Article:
While acknowledging a more than $400,000 budgeting error, Mastic Beach Mayor Maura Spery on Thursday night also said the village faced its first-ever tax increase, which could be as high as 125 percent.

In essence, Spery explained, the village last year budgeted and was reimbursed for $427,000 in state grants from the Consolidated Local Street and Highway Improvement fund, also called CHIPS, which aids in paving projects and purchasing vehicles.

However, the village did not account for the $427,000 in its expenditures, and overspent that amount, officials said. Spery took ownership of the mistake at Thursday night’s special village board meeting but also noted that all board members shared responsibility.

“I made the mistake in funding the Mastic Road paving project,” she said.

Trustee Christopher Anderson said he didn’t know about the financial troubles the village was having until the meeting started. He peppered the mayor and other village leaders with questions regarding the 2015 and 2016 budgets.

Spery also presented a proposed 2016 budget to increase taxes by 125 percent — or as high as $400 over the current tax bill for village homeowners annually. Village taxes have not increased since incorporation in 2010.


At the meeting, Spery defended Bluth.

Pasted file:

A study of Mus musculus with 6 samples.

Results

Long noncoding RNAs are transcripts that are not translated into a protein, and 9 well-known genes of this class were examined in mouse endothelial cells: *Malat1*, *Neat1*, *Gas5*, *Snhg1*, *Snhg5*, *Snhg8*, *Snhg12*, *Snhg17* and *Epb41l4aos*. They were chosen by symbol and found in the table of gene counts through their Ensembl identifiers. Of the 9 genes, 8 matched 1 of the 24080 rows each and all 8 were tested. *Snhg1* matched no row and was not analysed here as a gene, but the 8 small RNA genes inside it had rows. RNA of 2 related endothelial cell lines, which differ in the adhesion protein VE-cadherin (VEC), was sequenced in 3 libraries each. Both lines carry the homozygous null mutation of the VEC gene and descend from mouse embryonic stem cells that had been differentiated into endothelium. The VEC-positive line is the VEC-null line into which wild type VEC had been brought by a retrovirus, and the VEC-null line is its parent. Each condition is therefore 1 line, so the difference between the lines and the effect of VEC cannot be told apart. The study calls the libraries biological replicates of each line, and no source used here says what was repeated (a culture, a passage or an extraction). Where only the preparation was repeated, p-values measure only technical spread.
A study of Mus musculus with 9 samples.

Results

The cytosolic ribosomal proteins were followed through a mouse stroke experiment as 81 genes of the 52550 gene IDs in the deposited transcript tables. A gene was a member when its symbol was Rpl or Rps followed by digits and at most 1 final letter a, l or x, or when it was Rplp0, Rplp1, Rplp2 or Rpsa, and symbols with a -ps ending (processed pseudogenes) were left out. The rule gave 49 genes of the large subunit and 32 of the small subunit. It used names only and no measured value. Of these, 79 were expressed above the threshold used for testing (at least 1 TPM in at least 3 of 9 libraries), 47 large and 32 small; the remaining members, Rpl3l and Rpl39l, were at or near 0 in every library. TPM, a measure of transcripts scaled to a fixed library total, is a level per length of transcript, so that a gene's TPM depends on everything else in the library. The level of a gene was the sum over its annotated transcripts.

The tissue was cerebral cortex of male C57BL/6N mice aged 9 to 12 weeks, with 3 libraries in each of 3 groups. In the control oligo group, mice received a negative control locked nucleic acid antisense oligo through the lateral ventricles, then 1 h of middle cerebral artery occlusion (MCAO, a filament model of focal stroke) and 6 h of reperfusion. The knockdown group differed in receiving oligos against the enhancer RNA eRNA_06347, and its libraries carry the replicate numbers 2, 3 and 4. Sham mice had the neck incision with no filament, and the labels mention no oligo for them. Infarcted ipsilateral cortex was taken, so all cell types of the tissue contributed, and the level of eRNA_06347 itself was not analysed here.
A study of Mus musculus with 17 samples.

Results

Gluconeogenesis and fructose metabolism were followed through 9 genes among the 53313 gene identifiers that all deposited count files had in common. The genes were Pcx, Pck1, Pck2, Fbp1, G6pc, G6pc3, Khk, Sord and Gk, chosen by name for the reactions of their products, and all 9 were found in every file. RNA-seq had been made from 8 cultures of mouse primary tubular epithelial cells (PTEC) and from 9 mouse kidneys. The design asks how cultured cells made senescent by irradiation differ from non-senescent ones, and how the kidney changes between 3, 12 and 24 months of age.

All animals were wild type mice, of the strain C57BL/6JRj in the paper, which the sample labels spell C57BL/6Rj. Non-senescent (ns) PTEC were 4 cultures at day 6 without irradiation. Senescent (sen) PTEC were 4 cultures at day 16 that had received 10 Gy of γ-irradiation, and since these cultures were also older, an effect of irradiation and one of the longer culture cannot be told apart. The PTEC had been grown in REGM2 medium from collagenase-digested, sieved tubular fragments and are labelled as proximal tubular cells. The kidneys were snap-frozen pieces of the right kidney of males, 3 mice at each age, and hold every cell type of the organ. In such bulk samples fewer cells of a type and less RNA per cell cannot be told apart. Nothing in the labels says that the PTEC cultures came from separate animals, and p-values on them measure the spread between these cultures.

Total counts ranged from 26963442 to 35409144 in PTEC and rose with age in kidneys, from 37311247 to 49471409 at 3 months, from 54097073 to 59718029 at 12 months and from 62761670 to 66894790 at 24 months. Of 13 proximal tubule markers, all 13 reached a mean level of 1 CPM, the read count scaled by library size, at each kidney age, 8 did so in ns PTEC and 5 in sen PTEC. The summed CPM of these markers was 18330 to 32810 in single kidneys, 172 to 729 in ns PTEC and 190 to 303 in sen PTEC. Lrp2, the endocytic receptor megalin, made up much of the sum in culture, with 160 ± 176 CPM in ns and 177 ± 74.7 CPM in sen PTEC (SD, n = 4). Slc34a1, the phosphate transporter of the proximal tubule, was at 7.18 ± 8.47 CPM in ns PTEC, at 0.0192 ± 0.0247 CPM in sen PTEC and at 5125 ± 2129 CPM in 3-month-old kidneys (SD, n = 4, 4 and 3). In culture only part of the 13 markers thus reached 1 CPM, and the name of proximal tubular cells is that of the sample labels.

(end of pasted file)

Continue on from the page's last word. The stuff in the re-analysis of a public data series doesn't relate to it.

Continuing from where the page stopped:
“She did the best job she could to fix a disaster of a budget,” the mayor said, adding that an “archaic” software system contributed to the budgeting problems.

Spery proposed a $4.7 million 2016 budget in which road maintenance is projected to increase $562,000, while law department funds would increase $117,00, to $400,000.

While Spery acknowledges the village is in a financial bind, she has long advocated for increased taxes.

“We’ve done the village a disservice by staying tax-neutral,” she said, adding that abandoned and foreclosed homes, drug dealers and gang members have contributed to the village’s woes.

“No villages in New York State are not increasing taxes,” she said.

Officials have scheduled an April 13 public meeting to again discuss the budget. It must be adopted by May 1.

Public comment and input wasn’t allowed at the meeting, but it was clear the roughly 50 residents at the village meeting were opposed to the spending plan, and some caused a stir after the meeting was adjourned.

A number of residents yelled at Spery to resign.